The evolution of an enduring classic
BY MEL BONDFIELD
'A life lived in fear is a life half lived.'
In August 1992 a quirky, low-budget film about ballroom dancers, made by an unknown first-time director, hit cinemas across Australia:
Now famously known as the first instalment of Baz Luhrmann's 'Red Curtain Trilogy', Strictly Ballroom had humble beginnings as a short play developed by Luhrmann and a group of NIDA students.
After overcoming many obstacles to make it from stage to screen, the film was selected for a midnight screening at the Cannes Film Festival in 1992 where audiences and critics went wild over it.
On its Australian release that year, Strictly Ballroom lived up to all the hype coming out of Cannes. Aussies fell head over heels in love with Scott (played by Paul Mercurio) and Fran (Tara Morice) and they even embraced the garish make-up, crazy hairstyles and outrageous costumes of the ballroom dancing world.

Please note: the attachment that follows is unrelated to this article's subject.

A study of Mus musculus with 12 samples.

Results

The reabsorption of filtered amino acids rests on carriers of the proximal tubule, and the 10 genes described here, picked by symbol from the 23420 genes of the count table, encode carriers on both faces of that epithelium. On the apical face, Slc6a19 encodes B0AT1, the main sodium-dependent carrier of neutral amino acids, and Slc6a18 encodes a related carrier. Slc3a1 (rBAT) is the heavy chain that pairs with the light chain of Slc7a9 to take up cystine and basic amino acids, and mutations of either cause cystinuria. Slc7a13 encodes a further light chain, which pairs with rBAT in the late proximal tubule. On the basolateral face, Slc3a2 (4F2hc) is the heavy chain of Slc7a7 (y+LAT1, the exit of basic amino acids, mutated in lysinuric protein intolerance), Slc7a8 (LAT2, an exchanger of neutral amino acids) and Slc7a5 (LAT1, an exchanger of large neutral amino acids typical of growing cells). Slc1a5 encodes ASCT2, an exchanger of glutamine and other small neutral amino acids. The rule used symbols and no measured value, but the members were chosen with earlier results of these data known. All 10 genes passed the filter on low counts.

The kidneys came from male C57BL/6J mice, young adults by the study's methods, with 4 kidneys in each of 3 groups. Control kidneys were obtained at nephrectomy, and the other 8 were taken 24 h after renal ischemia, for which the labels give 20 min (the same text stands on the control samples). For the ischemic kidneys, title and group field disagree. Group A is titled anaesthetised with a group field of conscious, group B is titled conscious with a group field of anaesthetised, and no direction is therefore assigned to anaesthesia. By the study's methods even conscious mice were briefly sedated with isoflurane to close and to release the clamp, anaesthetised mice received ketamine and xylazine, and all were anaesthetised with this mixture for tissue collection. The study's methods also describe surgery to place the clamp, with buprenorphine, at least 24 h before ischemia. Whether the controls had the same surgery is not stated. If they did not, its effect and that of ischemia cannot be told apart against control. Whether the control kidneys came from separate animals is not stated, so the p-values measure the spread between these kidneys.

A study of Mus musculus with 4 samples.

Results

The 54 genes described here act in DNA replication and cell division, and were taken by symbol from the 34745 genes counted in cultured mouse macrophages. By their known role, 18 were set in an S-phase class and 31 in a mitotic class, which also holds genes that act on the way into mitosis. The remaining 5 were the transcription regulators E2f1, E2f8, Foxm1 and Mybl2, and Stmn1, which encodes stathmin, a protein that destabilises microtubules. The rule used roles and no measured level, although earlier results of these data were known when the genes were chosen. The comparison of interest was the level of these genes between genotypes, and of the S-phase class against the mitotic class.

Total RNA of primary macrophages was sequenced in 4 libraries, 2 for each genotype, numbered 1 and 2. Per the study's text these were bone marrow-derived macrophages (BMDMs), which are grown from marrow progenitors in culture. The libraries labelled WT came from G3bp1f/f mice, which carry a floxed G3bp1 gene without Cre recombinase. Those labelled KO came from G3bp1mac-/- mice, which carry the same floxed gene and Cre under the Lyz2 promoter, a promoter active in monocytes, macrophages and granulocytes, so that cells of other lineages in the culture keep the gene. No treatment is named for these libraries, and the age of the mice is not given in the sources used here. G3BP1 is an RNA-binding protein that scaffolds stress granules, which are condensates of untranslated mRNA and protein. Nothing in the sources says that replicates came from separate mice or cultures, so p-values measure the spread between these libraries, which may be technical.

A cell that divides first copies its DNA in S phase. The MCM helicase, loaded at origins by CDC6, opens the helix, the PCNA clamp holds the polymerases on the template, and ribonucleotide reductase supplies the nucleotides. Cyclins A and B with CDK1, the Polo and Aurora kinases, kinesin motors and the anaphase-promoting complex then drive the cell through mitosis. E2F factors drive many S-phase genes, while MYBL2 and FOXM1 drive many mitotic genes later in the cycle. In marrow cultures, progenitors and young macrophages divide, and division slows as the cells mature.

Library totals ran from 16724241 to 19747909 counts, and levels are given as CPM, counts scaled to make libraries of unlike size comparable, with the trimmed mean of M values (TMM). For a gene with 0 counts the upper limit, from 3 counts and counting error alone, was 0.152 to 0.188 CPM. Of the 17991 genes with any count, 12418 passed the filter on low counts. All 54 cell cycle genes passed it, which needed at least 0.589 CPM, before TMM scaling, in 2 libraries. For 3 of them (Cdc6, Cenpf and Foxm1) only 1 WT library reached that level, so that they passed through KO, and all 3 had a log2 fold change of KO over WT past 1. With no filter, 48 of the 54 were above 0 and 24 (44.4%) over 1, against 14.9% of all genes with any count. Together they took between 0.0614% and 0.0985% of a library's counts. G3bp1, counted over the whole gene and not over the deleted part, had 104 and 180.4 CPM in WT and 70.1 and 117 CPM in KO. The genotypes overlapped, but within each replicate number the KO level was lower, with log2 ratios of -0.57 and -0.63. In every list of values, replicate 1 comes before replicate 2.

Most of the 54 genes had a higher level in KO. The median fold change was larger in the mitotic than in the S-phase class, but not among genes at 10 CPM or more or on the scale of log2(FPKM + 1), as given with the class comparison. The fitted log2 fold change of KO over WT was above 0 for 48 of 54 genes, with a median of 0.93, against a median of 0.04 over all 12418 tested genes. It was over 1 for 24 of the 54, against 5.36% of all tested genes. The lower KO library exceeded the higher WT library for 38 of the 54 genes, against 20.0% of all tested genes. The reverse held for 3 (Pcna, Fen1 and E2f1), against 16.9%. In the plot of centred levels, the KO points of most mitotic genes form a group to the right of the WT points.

The film remained on the big screen for over a year, taking more than $21 million at the box office and landing a place in the top ten Australian films in terms of box-office takings. It scooped the pool at the AFI Awards, won three BAFTAs, was nominated for Best Picture at the Golden Globes and received a host of other international film prizes.
Strictly Ballroom is still loved by people in Australia and across the globe and is now regarded as an Australian classic. It is studied by high school students around the country and has reached a whole new generation of film lovers.
You'll discover Angus Strathie's gorgeous costume sketches, behind-the-scenes interviews with Catherine Martin and Baz Luhrmann, fascinating oral histories, production documents, plus brand new interviews with the stars of the film.